In Kenya today, it is mandatory for industries to perform an energy audit every 3 years. This is in line with the legal requirements by the Energy Management Regulations. Energy audits ensure energy saving measures is put into place to reduce on utility costs and also to curb any misuse of the same. Energy auditing in Kenya must be carried out by licensed auditors who then submit a report of their findings to the Energy and Petroleum Regulation Authority (EPRA).
So what exactly is an energy audit? This is the process of inspecting, surveying and analyzing the flow of energy in a building in order to identify where there is misuse or loss of energy, and also to find out ways of conserving energy. It is a process of identifying how to reduce the amount of energy being used without necessarily affecting the output.
Types of Energy Audits
Energy audits are a powerful tool used to uncover operational and equipment improvements that are geared towards saving more energy and reducing the costs while still maintaining higher performance. Energy audits produce low cost recommendations and a general road map for future planning. For sustainable energy saving, there are three types of energy audits namely:
The main purpose of a walk-through energy audit is to identify any slight opportunity you can take advantage of to save energy in your firm. It usually involves a professional energy auditor visiting the building to survey and discover energy saving opportunities and conservation measures. The auditor also analyses the energy data available like the billing information, operational data and also the equipment in the building.
The billing data are useful because they help the auditor to benchmark with similar firms/buildings so that they can easily recommend something that is feasible and aligned to the long-term goal of the business. Also, during walk-through auditing, the auditor will need to understand the financial criteria the facility manager expects for energy projects and formulate a list of opportunities for conserving energy.
General Energy Audit
General energy audits include a site visit where an auditor verifies the dimensions and inventory the building’s windows, doors and light fixtures. Armed with this inventory, the energy engineers also visit the building to evaluate the systems and assess where there is need for a capital improvement. During this process, the key staff in the building have to be interviewed to ascertain any current energy specific issues that the building may be having. An evaluation is then done on the building’s enclosure, heating, air conditioning and ventilation systems, lighting, fans, motors, pumps, equipment and appliances in the building.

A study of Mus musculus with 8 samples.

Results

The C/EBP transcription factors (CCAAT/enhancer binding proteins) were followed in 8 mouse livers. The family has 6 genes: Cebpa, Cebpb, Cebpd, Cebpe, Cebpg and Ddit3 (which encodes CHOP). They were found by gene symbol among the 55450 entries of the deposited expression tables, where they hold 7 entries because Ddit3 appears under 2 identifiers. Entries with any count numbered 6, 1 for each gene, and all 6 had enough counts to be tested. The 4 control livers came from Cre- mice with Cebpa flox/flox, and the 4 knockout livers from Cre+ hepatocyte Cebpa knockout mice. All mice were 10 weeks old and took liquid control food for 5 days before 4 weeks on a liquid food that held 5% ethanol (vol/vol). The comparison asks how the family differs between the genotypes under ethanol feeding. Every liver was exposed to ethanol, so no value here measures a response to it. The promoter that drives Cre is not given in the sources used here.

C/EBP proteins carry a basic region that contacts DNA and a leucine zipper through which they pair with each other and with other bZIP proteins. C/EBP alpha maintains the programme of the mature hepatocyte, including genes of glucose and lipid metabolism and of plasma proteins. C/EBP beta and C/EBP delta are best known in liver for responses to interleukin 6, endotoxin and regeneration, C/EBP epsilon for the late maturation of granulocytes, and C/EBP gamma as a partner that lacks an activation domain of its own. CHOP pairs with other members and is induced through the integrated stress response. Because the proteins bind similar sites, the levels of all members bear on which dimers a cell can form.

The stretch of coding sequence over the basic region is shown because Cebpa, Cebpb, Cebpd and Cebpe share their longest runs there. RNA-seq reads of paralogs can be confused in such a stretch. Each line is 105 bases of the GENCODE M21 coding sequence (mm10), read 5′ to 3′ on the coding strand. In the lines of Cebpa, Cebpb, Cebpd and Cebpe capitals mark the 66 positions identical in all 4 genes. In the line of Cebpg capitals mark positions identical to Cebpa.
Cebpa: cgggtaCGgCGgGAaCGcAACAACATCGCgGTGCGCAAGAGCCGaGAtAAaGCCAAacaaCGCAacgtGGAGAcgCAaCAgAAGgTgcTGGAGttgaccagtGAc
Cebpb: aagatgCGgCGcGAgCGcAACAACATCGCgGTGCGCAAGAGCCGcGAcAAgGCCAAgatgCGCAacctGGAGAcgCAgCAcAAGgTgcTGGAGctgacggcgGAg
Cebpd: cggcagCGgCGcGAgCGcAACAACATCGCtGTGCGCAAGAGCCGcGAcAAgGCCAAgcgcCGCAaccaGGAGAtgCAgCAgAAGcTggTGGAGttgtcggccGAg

Based on the data collected, the auditor will then come up with an analysis of operations and maintenance procedures complete with the projected costs, savings and payback metrics. A written report is then presented to the building owner with recommendations for energy conservation measures.
This involves a detailed analysis performed on both energy and financial strength of the industry. The recommendations here are meant to help the business owner to make some capital investment decisions based on the data collected and the outcome of the inspection. The energy auditor works hand in hand with the building owner to ensure they understand the project goals vis-à-vis the available budget.
This type of energy audit requires intensive improvements and rigorous analysis in order for the building owner to understand how their activities impact the cost of energy and how they can reduce gas emissions. An experienced auditor facilitates open discussions and explores solutions that benefit the organization. Investment grade audits, due to their detailed analysis, may take up to several months to complete and deliver.
The Requirements of Energy Management Regulations
The following are the requirements of energy management regulations that every industry is expected to adhere to:
- To develop an energy investment plan after an energy audit is performed. This will show the timelines and budget allocations for the projects proposed during an energy audit.
- To develop an energy policy which has the minimum requirements as stipulated in the energy act, 2019.
- Develop an annual implementation report covering the projects implemented and the savings achieved. This should be filed with EPRA.
- Keep records for the utility bills and production/occupancy for a period of at least 5 years.
- There should be an energy officer and energy committee in charge of the energy matters in every facility.
Generally, the purpose of an energy audit, and the reason why it is a legal requirement in Kenya, is to determine where, when, why and how energy is being used within an industry, and the measures that can be taken to save more energy. It focuses more on specific projects that are likely to consume higher amounts of energy and consider the costs as well as identify avenues of saving. Auditing typically starts by reviewing historical and current utility data, and also benchmarking with similar industries. The main outcome of an energy audit is a list of energy efficiency measures geared towards an energy savings potential without affecting the outcome of the activities within the industry.